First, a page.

What do I think I'll find when we look throw a measure of poverty into the mix? Honestly, I'm not sure. If ethnicity and gender are any indicators, then I should find nothing. Judging by some recent news, however, I think the public at large is under the assumption that students of poverty are oriented toward motivational behaviors at school based on rewards and punishments (as opposed to learning for the sake of learning). There is indication that paying for grades does lead to increased scores on high-stakes tests.
An overwhelming number of schools participating in a controversial program that pays kids for good grades saw huge boosts -- up to nearly 40 percentage points higher -- in reading and math scores this year, a Post analysis found.
About two-thirds of the 59 high-poverty schools in the Sparks program -- which pays seventh-graders up to $500 and fourth-graders as much as $250 for their performance on a total of 10 assessments -- improved their scores since last year's state tests by margins above the citywide average.
The gains at some schools approached 40 percentage points.
For example, at PS 188 on the Lower East Side, 76 percent of fourth-graders met or exceeded state benchmarks in English -- 39.6 percentage points higher than last year, when the kids were in third grade.
At MS 343 in The Bronx, 94 percent of seventh-graders met or surpassed state standards in math this year -- 37.3 points higher than last year, when the students were sixth-graders.
In all, of the 61 fourth and seventh grades involved in the pupil-pay program, only 16 improved less than the citywide average gain in math since last year, while 21 did so in reading.
Principals at the highest-scoring schools cautioned that the Sparks program was just one of many factors in the test-score jumps.
But many reported seeing indisputable academic benefits -- including more motivation, better focus and an increase in healthy competition for good grades among students.
"It's an ego booster in terms of self-worth," said Rose Marie Mills, principal at MS 343 in Mott Haven, where nearly 90 percent of students qualify for federal poverty aid.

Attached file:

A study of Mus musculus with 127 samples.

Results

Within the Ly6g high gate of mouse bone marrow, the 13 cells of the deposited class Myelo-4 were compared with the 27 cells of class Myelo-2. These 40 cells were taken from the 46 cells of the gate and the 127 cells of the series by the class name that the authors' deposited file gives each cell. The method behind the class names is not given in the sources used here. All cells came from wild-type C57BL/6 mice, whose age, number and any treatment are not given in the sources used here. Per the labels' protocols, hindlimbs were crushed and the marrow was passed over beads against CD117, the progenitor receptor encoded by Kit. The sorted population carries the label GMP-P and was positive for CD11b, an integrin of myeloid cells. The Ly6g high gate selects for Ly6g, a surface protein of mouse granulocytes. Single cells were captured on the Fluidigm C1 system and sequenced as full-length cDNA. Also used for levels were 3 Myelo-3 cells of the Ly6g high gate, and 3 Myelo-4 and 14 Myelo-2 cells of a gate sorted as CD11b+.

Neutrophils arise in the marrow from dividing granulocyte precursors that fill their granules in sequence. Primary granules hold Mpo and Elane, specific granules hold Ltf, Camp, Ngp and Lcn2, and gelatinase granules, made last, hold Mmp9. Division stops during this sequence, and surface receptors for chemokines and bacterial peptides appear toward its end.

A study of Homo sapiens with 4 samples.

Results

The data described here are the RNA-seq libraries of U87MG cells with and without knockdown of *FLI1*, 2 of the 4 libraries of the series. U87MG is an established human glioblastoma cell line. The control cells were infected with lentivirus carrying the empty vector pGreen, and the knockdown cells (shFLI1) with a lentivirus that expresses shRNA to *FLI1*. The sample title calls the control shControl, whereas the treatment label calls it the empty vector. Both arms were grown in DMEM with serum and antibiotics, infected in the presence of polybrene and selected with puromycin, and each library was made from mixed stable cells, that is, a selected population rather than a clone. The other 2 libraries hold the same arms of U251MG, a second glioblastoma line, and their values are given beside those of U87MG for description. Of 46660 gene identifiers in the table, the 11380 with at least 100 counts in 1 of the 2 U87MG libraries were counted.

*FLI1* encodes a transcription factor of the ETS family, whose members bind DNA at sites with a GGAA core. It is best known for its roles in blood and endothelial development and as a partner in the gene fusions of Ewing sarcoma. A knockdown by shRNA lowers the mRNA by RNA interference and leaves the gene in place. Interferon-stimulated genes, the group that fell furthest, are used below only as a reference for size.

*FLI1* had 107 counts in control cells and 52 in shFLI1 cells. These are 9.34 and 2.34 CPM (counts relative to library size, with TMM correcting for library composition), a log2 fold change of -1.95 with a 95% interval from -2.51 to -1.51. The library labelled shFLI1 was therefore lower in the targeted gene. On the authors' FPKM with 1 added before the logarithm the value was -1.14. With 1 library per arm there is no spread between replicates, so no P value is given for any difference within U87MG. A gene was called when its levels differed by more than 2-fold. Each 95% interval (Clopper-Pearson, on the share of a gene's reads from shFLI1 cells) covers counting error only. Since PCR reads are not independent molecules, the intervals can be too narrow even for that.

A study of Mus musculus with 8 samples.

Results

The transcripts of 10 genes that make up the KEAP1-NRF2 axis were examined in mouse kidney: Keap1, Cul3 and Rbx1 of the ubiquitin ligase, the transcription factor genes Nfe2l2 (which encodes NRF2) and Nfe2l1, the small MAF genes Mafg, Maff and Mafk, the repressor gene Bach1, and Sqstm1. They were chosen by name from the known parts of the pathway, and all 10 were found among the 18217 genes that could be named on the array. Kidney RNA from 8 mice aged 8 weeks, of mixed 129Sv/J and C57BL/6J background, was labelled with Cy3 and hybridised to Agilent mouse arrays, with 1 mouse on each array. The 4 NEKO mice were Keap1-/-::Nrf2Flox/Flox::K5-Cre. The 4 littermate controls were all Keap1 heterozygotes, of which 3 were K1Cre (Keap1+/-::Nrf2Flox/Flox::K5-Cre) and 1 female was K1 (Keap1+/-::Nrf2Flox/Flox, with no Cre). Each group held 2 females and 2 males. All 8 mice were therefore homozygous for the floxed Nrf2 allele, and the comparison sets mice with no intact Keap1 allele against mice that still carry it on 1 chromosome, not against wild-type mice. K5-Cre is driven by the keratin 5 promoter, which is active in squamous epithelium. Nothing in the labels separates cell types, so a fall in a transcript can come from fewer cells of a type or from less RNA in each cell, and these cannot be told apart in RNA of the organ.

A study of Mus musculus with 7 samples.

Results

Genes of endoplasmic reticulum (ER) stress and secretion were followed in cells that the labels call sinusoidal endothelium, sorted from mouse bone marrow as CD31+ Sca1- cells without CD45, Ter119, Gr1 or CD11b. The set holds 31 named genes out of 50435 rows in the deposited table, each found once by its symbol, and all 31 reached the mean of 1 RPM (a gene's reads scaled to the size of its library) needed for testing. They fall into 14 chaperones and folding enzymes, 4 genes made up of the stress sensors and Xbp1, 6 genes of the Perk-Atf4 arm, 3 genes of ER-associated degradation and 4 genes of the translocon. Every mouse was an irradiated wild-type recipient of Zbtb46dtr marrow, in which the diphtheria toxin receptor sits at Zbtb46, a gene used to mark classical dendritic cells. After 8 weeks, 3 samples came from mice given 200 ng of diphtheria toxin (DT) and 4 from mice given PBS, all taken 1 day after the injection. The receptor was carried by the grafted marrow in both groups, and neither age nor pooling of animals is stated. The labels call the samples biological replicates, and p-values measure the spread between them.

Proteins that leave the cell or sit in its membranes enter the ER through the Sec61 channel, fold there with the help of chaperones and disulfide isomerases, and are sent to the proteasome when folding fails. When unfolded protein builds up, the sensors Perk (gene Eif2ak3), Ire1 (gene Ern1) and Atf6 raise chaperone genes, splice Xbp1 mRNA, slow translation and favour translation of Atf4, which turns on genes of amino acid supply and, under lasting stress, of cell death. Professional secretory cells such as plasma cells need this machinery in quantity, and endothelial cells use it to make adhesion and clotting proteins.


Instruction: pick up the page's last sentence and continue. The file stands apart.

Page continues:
"When they get the checks, there's that competitiveness -- 'Oh, I'm going to get more money than you next time' -- so it's something that excites them."
More than 8,000 kids have collectively earned $1.25 million since September in the second year of the privately funded pilot program.
The higher the kids score on tests, the more they get paid: up to a maximum of $50 per test for seventh-graders and up to $25 for fourth-graders.
The initiative, created by Harvard University economist Roland Fryer, is run out of the Cambridge, Mass.-based Educational Innovation Laboratory (EdLabs), which is conducting similar cash-for-kids trials in Chicago and Washington, DC.
Critics argue that paying kids corrupts the notion of learning for education's sake alone.
But supporters of student incentives say immediate rewards are necessary to help some kids connect the dots between school and future income -- and the students agree.
Alize Cancel, a 13-year-old at IS 286, spent some of the $180 she has earned this year on school supplies and shoes.
"It's all we talk about. Every day we ask our teachers, 'Did we pass? When do we get paid?' " she said. "It made me study more because I was getting paid."
The students that I will be studying for my dissertation do not receive external rewards/punishments (at least not through the school system)...so I have to wonder if the personal motivational levels they bring to the school show that would engage more if money was dangled in front. I hope that isn't the case---Pollyanna here would like to think that learning is its own reward, no matter your background.